Petitioning against outdated and discriminatory rules, Nurse Connor Lynch and his partner, medical student Ky Ruprecht, have brought much needed attention back to the inability of gay men from being able to donate blood to help save lives in Australia.
Rejection by the blood bank seems like a rite of passage for many queer men in Australia. The current blood donor policy established by the Therapeutic Goods Administration (TGA) places a 12 month deferral on all men who have oral or anal sex with men (MSM), with or without protection. This means any man who has sex with another man, irrespective of circumstance, is barred from donating blood for 12 months after their last sexual encounter. This policy upsets many people in our LGBTQI community and in the past many have advocated for change.
My partner and I are both in the health field. Con’s a nurse and I’m a medical student. We have been in a monogamous relationship for many years and live a remarkably boring life. We often discuss the senselessness of our exclusion from blood donation.
We are two perfectly healthy individuals, negative for blood-borne diseases with no risk profile, yet are excluded from donating. Many people are in exactly the same situation as we are. Healthy donors denied the opportunity to donate based on outdated prejudices. Currently a heterosexual person can engage in unprotected sex with as many partners as they like, in whatever way they like and are eligible to donate. An individual’s behaviour should dictate their ability to donate blood, not the gender of their partner.
When Con and I discuss the MSM ban with colleagues, friends and family they are often shocked that such a policy still exists. We decided to start our campaign All Our Blood to raise more awareness on this issue, using our situation as an example of the senselessness of the current policy. In doing so we hope to advocate for a revision of the current eligibility criteria.
The ban on MSM blood donation arose from the HIV/AIDS epidemic in the mid 1980’s with most countries adopting an indefinite ban on MSM blood donation at that time. By the late 90’s Australia was one of the first countries to review this policy opting for a 12 month deferral for MSM donation in line with the current scientific knowledge available at that time. Some twenty years later despite significant advances in screening, detection and education nothing has changed and Australia is now lagging behind International best practice.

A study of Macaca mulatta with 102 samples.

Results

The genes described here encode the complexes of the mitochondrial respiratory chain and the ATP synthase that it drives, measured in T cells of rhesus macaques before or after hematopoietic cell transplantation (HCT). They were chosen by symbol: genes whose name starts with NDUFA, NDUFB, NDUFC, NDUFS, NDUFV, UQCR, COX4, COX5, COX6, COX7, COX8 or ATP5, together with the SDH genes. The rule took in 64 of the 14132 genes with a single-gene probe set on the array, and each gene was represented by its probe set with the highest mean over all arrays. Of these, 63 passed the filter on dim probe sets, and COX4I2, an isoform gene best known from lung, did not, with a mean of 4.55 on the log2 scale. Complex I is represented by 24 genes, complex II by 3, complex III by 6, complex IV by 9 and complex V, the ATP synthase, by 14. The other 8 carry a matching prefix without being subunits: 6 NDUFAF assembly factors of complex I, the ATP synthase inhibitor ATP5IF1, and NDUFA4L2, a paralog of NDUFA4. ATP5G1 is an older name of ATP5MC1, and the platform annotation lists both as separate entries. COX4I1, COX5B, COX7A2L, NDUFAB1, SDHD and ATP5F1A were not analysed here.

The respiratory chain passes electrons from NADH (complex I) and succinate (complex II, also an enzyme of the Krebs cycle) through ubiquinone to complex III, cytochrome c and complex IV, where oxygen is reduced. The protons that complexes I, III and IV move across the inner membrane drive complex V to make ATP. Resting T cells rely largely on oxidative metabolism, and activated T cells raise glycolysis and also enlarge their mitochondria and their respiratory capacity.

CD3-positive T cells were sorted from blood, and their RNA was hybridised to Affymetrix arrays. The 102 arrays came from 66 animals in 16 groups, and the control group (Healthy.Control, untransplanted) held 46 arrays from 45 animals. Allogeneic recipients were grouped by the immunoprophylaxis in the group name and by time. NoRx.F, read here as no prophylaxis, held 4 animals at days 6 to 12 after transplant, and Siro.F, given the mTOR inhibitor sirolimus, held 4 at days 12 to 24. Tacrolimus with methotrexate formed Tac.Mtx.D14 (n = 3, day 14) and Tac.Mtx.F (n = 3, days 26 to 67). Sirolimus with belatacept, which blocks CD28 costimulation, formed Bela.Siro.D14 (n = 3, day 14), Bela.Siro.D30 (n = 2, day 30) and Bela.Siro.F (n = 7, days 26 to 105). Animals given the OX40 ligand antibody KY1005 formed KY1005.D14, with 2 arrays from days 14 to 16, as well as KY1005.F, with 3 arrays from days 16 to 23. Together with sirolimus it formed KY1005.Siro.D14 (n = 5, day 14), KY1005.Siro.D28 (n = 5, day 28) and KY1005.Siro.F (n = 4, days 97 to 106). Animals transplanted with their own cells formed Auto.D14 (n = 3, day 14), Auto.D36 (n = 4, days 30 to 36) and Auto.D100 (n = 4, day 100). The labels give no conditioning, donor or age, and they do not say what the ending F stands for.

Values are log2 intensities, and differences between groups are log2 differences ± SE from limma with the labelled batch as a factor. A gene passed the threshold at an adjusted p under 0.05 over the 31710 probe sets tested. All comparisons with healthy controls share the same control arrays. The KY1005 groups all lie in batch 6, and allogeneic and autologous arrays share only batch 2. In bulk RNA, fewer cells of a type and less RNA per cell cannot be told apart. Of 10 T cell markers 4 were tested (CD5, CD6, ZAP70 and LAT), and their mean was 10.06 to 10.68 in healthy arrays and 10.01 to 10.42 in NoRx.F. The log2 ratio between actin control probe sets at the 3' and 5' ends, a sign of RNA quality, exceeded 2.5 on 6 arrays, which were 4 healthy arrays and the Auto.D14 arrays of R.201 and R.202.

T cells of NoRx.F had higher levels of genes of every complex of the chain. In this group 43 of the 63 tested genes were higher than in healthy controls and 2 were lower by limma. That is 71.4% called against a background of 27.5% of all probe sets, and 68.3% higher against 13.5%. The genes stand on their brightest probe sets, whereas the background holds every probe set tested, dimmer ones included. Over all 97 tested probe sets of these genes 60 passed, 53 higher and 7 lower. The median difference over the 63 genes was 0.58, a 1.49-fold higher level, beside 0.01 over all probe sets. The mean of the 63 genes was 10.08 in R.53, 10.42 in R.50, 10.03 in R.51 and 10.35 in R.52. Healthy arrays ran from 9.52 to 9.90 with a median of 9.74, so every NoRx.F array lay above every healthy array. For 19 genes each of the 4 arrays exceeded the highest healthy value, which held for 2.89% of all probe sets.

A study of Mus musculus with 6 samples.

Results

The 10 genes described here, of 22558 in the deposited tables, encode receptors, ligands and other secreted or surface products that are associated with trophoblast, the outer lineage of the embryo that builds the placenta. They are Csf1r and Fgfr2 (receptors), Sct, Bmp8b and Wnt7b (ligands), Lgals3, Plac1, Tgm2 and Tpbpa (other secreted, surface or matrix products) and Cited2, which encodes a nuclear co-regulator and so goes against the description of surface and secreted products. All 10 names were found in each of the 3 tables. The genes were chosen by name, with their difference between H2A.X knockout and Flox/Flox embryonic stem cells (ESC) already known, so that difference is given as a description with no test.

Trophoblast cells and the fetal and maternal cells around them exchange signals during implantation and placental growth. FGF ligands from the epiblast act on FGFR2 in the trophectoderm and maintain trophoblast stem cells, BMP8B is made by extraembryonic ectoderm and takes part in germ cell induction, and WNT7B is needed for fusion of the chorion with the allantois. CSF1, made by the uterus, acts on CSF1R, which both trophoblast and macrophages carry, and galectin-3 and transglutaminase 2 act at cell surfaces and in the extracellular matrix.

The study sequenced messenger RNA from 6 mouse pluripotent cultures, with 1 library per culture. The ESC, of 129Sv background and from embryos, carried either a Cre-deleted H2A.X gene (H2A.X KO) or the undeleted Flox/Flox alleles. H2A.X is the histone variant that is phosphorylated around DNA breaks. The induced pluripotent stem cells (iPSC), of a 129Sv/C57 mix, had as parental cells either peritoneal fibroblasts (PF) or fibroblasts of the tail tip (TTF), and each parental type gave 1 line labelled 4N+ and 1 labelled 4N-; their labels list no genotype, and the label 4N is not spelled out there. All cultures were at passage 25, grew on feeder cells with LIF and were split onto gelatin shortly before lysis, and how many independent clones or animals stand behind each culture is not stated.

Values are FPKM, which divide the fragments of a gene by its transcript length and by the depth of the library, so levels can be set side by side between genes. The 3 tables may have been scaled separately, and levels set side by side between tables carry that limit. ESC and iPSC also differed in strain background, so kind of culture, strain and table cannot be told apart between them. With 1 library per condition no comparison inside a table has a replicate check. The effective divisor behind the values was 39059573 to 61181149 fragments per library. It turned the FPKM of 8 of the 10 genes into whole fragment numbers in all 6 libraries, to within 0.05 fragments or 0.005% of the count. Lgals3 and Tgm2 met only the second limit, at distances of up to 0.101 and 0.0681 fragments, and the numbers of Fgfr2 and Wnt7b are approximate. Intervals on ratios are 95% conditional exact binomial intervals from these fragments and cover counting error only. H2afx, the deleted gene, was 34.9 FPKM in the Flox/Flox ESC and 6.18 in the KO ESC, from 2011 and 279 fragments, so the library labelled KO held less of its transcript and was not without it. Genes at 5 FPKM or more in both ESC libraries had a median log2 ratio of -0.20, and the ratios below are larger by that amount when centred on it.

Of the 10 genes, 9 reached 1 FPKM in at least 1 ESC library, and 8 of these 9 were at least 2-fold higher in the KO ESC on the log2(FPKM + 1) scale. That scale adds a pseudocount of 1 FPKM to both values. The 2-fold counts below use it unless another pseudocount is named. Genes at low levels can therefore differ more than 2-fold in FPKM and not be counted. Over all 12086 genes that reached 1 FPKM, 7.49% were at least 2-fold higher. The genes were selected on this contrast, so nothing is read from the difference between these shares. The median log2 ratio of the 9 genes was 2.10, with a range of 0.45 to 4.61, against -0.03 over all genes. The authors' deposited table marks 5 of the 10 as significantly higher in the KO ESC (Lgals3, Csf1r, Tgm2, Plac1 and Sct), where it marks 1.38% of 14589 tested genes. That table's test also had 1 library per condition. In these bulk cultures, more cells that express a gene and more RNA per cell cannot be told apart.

It is important to state that no person has the right to donate their blood. The right of the recipient to a safe blood product outweighs the right of an individual to donate. A categorical ban imposed on an entire sub population however, does nothing to stratify individual risk. Instead it serves to decrease the blood donor pool reducing blood donations to the detriment of the wider community.
The current policy precludes all men who have sex with men from donating blood irrespective of the circumstances of the encounter. The policy does not give consideration to safe sexual practices, monogamy, marriage or negative HIV status of an individual or their partner. It does not reflect the most up to date HIV serological screening and detection which is widely supported in the literature as a 3 month detection window, this being considered conservative.
A central issue with the current policy is that the TGA considers all MSM contact high risk sexual behaviour. The policy is both presumptive and problematic, ignoring the existence of low risk donors from this subpopulation. It makes a set of assumptions based on outdated and inimical rules that exclusively affect men who have sex with men. The policy assumes all MSM carry equally high risk of HIV transmission. While we acknowledge that the burden of HIV falls disproportionately on MSM population (this is frequently cited as justification for this policy), the contact risk of exposure is not the same for everybody.
Queer men represent a diverse spectrum of people and experience. Continuing to exclude the low risk MSM population from donating is prejudicial and perpetuates the social attitude that queer men are irresponsible and the relationships we forge are ephemeral. Maintaining this ban stigmatises and invalidates our unions and contributes to the rhetoric that our sexual practices are inherently dangerous. In Australia my partner and I can now get married but we cannot donate our healthy blood -doesn’t make any sense does it? It’s time to review this draconian policy!
This article was first published, and was republished with permission, from The Nurse Break.